FEMP Conducts Solar Technology Screening at Job Corps Centers

March 7, 2007

With funding from the Federal Energy Management Program, the National Renewable Energy Laboratory (NREL) in 2005 performed an initial assessment of solar energy opportunities at 88 Job Corps Centers across the United States and Puerto Rico. The screening considered solar water heating, solar ventilation air preheat, and photovoltaic technologies. The Job Corps program, consisting of vocational education facilities for young adults, has centers comprised of dormitories, education buildings, vocation workshops, medical facilities, gymnasiums, cafeterias, and administrative buildings, with each center ranging from 45,000 to 1 million square feet. The agency plans to install a renewable energy system at one center that will be capable of supplying 5 percent of its electricity; this assessment was the first step in identifying the most appropriate site.

The assessment examined solar resource, site-specific factors, and applicable incentives or rebates to determine which centers were most promising for a specific technology installation. Job Corps staff provided detailed site information for each of the centers for analysis, including center name; address; longitude and latitude; number of students and residents; square footage of buildings; and utility use and cost data for each fuel. The longitude and latitude data was used to extract solar resource information for each center from NREL's geographic information system database.

Map of the job corps sites.
Job Corps Sites with SIR >1, by Technology.

Combining the solar resource and site-specific data, the system size and cost were calculated for each technology. Cost effectiveness was evaluated on a per-kilowatt (kW) or per-square-foot basis, but the maximum system size was also calculated to provide information to Job Corps staff on the largest potential opportunities.

Incentives and rebates offered for renewable technologies greatly impact the cost-effectiveness of various projects, and so these financial benefits need to be included in the early stages of the screening process. The relevant incentives and rebates for each center were taken from the Database for State Incentives for Renewable Energy and approximated as either a percent reduction in initial system cost, a dollar-per-watt or dollar-per-square-meter reduction in initial system cost, a dollar-per-kilowatt-hour production incentive, or a combination of the three. In this way, the initial cost estimate or the annual cost savings estimate was actually modified to reflect the applicable financial benefits for a particular site, as compared to the calculations without such benefits.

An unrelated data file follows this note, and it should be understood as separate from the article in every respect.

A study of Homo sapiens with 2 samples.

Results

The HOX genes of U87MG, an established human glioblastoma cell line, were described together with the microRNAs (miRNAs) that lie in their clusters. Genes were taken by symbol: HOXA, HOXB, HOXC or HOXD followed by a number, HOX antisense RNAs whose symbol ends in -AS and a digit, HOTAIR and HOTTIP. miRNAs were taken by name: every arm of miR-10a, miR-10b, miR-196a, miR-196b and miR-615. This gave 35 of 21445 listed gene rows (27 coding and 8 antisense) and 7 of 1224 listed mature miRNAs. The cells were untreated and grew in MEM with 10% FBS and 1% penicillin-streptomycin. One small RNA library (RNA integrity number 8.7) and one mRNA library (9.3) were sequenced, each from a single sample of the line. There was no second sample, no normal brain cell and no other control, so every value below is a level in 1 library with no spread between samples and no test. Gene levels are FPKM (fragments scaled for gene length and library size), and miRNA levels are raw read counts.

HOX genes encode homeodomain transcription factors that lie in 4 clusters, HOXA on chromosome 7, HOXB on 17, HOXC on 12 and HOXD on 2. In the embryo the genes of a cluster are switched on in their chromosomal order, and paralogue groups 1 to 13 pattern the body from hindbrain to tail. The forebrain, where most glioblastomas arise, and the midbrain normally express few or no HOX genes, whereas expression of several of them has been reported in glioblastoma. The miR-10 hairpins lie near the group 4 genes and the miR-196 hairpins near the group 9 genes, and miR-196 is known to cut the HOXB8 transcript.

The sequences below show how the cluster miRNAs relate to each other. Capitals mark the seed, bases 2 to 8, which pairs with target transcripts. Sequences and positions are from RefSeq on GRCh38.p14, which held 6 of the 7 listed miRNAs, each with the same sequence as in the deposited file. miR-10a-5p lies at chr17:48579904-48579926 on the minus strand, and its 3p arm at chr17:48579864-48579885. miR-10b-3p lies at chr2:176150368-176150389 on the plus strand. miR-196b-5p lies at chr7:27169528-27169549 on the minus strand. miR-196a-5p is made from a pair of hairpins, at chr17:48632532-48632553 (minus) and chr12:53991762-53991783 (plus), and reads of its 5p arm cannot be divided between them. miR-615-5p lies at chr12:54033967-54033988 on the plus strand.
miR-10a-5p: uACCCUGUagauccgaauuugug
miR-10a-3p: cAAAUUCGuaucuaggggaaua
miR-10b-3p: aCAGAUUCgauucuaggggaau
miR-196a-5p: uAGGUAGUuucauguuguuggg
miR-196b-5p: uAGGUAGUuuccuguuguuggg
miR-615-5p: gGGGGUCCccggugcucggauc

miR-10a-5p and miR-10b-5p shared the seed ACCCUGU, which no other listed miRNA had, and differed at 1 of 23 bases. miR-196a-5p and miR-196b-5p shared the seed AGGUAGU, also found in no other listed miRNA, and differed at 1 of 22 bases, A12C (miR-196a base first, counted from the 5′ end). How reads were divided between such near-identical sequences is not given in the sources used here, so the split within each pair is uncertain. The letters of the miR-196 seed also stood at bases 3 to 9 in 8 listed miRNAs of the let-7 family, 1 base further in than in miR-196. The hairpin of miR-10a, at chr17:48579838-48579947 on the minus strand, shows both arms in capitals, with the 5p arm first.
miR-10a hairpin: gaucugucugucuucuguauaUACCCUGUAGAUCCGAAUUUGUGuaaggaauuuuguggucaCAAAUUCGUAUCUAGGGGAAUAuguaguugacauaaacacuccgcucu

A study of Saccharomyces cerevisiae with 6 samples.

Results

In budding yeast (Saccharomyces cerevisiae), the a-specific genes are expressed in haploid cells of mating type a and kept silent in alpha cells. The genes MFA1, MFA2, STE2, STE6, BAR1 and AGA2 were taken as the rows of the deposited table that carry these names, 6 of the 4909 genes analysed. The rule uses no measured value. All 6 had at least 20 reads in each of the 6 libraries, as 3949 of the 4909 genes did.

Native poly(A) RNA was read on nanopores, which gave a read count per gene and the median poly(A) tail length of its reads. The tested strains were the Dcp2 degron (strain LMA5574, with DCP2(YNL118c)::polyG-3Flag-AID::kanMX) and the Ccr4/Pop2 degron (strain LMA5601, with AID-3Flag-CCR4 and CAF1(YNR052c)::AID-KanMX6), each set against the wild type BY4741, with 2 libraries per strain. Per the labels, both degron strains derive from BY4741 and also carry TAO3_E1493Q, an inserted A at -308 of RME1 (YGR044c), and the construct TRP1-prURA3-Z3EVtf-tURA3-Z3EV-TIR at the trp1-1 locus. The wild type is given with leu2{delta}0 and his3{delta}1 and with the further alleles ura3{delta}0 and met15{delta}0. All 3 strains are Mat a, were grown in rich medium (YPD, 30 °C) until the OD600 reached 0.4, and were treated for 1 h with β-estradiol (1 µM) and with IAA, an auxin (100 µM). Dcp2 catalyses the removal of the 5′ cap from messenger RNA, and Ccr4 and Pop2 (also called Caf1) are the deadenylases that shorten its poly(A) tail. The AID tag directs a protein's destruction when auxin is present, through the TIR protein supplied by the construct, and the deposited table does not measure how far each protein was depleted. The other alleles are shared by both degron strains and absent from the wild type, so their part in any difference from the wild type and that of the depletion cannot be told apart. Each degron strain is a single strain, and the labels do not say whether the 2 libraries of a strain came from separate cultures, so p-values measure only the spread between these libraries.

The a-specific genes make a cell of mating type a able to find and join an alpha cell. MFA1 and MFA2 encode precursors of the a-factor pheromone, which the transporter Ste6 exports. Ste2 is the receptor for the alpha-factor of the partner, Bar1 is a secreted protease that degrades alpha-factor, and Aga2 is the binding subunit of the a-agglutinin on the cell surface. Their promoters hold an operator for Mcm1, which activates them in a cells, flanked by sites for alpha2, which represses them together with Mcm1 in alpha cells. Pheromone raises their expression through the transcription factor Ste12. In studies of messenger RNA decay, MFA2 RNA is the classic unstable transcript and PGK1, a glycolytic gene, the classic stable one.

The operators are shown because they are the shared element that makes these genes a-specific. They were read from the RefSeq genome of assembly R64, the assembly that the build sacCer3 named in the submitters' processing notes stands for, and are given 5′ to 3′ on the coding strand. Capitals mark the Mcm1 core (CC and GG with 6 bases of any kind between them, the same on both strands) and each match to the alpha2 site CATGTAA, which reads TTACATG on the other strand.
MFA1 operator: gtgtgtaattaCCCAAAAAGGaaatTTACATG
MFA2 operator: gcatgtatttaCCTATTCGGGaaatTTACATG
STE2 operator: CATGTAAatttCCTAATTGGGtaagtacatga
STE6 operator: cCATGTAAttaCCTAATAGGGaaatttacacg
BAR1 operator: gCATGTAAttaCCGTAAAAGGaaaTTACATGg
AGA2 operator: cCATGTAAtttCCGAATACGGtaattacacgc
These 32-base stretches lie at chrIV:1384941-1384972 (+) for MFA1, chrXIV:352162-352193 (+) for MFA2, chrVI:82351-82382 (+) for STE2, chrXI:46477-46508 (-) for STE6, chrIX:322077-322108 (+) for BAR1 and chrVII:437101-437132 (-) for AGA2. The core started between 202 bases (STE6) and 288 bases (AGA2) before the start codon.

These values were then used to calculate the savings-to-investment ratio (SIR) and payback period. SIR is the life-cycle savings divided by the life-cycle cost. However, please note that this assessment did not consider the benefits or possible income to be earned from net metering; that is, the sale of excess electricity to the utility or from selling renewable energy certificates, both of which are complex to predict but would likely help the economics of using these technologies at most of the sites.

The SIR was calculated and used as the primary indicator of cost-effectiveness for the three technologies at each site. As defined according to regulation Title 10, Code of Federal Regulations, Part 436, a SIR of greater than 1.0 indicates that a project is cost effective. The higher the SIR, the better the project. According to the analysis, cost effective opportunities for solar water heating projects exist at 13 sites, for solar ventilation preheating opportunities at 18 sites, and for PV opportunities at four sites (see Figure 1 for site locations). The Job Corps staff stated that this screening has helped to develop "the foundation for the renewable technology building program" for their agency. It is likely that a project will be implemented for at least one of these promising sites with a SIR of greater than 1.0. Supporting that statement, the staff added, "After funding is approved, we will begin the engineering study and plans to complete these projects."

For more information, please contact Andy Walker of the National Renewable Energy Laboratory at andy_walker@nrel.gov or 303-384-7531.